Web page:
No bodies were found during an extensive search of the Bremerton Motel 6 that was heavily damaged in an explosion on Tuesday night.
BREMERTON —No bodies were found during the search of the Bremerton motel that was heavily damaged in an explosion on Tuesday night.
Bremerton Fire Chief Al Duke said an hours-long search of the rubble of the Motel 6 failed to turn up any sign of deceased victims. Two residents of the motel were reported missing and unaccounted for after the explosion, although there was no solid indication that they had been in their rooms at the time of the blast.
Federal investigators plan to interview guests Wednesday to try to determine the cause of the explosion that critically injured one man and left two firefighters with minor injuries. Investigators are focusing on a gas meter which may have been damaged just before the blast.
The federal Bureau of Alcohol, Tobacco, Firearms and Explosives (ATF) will assist in the investigation, which could take several weeks.
Earlier, the National Transportation Safety Board, which regulates gas pipe lines, was called to the scene. However, the agency said it was recalling its investigators after determining the cause may have been in the gas meter and not a pipeline.
Duke said two guests — a man and a woman — remained unaccounted for late Wednesday morning , but there was no evidence the two had been in the Motel 6 at the time of the explosion. Bob Calkins, with Kitsap Search and Rescue, said he had been over the piles of rubble and debris with a cadaver dog numerous times, but the dog had not “hit” on possible human remains.
A Cascade Natural Gas employee was injured when the motel exploded into flames around 8:30 Tuesday night. The employee was flown to Harborview Medical Center in Seattle with second- and third-degree burns as well as “lacerations to the head,” Bremerton Police Chief Steve Strachan said.
He is in critical condition and in the intensive-care unit, hospital spokeswoman Susan Gregg said.
Cascade Natural Gas identified the man as Larry Jennings, 59, who has been employed by the utility since 1982. He lives in Bremerton with his wife.
“The family elected to release Larry’s name in hope of drawing on the power of prayer for his recovery,” said Eric Martuscelli, vice president of operations for Cascade Natural Gas.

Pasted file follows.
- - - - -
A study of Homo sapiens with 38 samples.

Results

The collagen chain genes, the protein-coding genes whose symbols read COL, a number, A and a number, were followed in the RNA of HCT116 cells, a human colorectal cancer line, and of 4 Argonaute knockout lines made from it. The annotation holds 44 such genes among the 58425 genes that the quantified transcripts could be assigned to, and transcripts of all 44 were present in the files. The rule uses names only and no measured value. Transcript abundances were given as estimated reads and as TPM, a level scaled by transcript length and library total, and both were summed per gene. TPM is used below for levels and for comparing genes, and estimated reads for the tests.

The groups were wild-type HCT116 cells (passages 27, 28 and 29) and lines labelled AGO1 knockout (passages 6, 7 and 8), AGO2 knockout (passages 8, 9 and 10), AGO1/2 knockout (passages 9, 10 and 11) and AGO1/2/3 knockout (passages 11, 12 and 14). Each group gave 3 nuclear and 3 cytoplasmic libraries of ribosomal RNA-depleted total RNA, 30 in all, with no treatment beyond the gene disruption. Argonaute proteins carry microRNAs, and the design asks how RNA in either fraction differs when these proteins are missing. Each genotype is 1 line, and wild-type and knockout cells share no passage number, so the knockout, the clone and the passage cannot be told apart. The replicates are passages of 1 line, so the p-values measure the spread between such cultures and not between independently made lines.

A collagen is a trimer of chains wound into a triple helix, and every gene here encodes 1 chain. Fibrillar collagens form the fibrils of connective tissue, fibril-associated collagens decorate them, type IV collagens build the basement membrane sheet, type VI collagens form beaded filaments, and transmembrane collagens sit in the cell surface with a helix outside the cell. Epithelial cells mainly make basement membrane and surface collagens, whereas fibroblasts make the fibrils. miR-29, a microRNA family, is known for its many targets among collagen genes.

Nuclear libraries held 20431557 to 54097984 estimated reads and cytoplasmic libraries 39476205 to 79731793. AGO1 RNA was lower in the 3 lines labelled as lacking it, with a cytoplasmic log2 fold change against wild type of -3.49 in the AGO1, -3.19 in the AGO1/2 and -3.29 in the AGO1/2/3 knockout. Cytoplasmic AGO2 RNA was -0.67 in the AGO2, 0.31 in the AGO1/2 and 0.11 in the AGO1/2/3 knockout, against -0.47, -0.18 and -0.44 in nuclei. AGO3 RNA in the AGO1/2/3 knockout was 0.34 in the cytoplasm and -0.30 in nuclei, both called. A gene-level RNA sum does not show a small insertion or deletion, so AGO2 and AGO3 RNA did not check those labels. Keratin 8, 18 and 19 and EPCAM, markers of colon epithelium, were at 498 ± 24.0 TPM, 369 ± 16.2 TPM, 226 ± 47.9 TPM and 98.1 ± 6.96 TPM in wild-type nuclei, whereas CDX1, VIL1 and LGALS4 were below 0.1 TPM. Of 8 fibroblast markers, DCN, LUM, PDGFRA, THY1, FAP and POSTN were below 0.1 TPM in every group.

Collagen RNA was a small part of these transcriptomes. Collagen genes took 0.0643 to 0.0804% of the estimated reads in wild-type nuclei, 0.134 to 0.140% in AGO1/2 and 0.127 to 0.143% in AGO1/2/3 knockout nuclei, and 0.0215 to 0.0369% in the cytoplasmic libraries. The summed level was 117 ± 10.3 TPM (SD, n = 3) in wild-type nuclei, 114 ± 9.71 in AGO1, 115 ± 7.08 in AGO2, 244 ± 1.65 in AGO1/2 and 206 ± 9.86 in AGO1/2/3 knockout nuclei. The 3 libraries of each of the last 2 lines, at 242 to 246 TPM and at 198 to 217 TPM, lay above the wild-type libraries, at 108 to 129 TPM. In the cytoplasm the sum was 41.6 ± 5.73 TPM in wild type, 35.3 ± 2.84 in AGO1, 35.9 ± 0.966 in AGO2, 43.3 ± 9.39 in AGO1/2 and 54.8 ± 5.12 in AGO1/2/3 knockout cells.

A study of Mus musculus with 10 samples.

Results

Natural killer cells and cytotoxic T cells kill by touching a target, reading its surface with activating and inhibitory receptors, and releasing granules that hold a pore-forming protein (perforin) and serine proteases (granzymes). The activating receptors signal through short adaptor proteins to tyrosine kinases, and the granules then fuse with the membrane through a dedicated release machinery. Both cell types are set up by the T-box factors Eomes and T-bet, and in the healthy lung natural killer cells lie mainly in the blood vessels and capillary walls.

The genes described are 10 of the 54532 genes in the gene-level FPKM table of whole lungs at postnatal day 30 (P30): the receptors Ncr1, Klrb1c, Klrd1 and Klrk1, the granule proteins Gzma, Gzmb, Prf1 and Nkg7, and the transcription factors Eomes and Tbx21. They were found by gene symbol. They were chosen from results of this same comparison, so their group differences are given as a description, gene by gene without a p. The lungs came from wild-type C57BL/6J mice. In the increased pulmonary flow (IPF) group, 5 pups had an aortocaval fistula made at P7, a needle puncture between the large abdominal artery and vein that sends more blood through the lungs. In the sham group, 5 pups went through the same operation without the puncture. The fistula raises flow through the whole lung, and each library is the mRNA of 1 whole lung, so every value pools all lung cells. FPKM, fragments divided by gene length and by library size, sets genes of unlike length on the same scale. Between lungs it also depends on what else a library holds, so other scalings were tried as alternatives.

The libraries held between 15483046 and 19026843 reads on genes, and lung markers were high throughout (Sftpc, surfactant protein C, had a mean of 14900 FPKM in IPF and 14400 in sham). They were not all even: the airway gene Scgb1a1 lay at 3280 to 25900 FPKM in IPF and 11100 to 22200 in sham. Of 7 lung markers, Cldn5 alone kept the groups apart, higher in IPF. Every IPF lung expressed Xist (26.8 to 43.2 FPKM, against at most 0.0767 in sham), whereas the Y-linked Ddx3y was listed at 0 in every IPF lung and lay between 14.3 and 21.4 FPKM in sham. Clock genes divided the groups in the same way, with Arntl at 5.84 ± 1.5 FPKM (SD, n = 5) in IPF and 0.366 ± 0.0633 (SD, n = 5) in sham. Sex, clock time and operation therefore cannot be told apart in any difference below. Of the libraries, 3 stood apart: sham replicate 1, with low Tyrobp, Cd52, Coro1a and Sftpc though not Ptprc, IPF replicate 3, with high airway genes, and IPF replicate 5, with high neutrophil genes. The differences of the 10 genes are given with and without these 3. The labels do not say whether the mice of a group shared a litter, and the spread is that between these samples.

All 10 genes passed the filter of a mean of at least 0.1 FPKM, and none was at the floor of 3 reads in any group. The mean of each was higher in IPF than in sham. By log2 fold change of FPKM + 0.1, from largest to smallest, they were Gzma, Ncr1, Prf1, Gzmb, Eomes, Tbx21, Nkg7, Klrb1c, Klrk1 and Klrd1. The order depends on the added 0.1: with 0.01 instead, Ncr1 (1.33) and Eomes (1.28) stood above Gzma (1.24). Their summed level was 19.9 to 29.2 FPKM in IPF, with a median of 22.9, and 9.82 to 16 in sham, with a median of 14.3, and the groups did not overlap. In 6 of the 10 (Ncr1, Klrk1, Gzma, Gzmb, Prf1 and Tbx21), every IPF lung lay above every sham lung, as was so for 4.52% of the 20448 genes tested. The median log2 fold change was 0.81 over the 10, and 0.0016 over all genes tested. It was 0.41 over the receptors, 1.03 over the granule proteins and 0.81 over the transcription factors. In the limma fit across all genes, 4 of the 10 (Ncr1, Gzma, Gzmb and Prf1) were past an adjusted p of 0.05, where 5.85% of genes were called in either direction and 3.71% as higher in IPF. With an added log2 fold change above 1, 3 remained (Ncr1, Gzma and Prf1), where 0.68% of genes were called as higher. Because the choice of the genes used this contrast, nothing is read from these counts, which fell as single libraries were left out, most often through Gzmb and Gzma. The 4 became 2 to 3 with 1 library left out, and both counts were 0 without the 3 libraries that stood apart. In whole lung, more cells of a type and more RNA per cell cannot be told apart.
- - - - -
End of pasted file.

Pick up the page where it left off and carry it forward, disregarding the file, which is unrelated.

The explosion at the Motel 6 happened about 8:25 p.m. Tuesday. Cascade continues to work with local authorities to conduct a thorough investigation. No cause for the explosion has been determined at this time.
Police spent the night chasing down rumors about a cause for the explosion — including allegations that someone drove a car into the gas meter, that someone struck the meter with a hammer or that the explosion was somehow related to a domestic-violence incident.
“We have no conclusive evidence of foul play right now,” Strachan said.
Tonya Hinds, manager of the Motel 6, told displaced guests on Wednesday morning that ATF agents would be interviewing them later in the day.
Just before 8 p.m. Tuesday, a call went out to Cascade Natural Gas of a possible gas leak at the motel, Bremerton police said. The building, at 3400 11th St., was evacuated, fire officials said. Around 8:30 p.m. a section of the motel exploded into flames, shooting plumes of thick, black smoke into the sky.
Hinds said that a passerby had come into her office to say a gas line was leaking at the back of the building. Hinds — a former volunteer firefighter — said she went outside and saw that the leaking line was a big one “with a lot of gas.”
“I’m just glad I acted on instinct and everything turned out the way it did,” Hinds said.
Strachan called Hinds a hero. He said that firefighters and police also helped with the evacuations.
“I was talking to one of the officers last night who was less than 50 feet from the explosion. He said, ‘I didn’t even hear any sound.’ “
Strachan said the officer told him the size of the explosion was “surreal.”
“Right now we’re down to one critical injury, which is really bad, and two people missing, but you have to contemplate how much worse it could have been,” Strachan said.
None of the motel patrons was reported injured, but some firefighters who had responded to the initial call were blown back about 20 feet from the blast, police said. One suffered bruised ribs and another a concussion, Duke said. They are recovering at home.
Hinds asked for prayers for the critically injured gas company employee. “He was here for us.”
The motel, which reopened last fall after an extensive remodel, had about 65 guests in 42 occupied rooms, and the blast destroyed about one-quarter of the building, Hinds said. She said that one guest reported having seen someone jump out a window of the three-story establishment and land on or near the gas line just before the leak.
Several people said their life possessions were in the motel at the time. Numerous people saw the explosion and fire after being removed from the building.
The Red Cross was responding to find the guests alternative housing, Strachan said.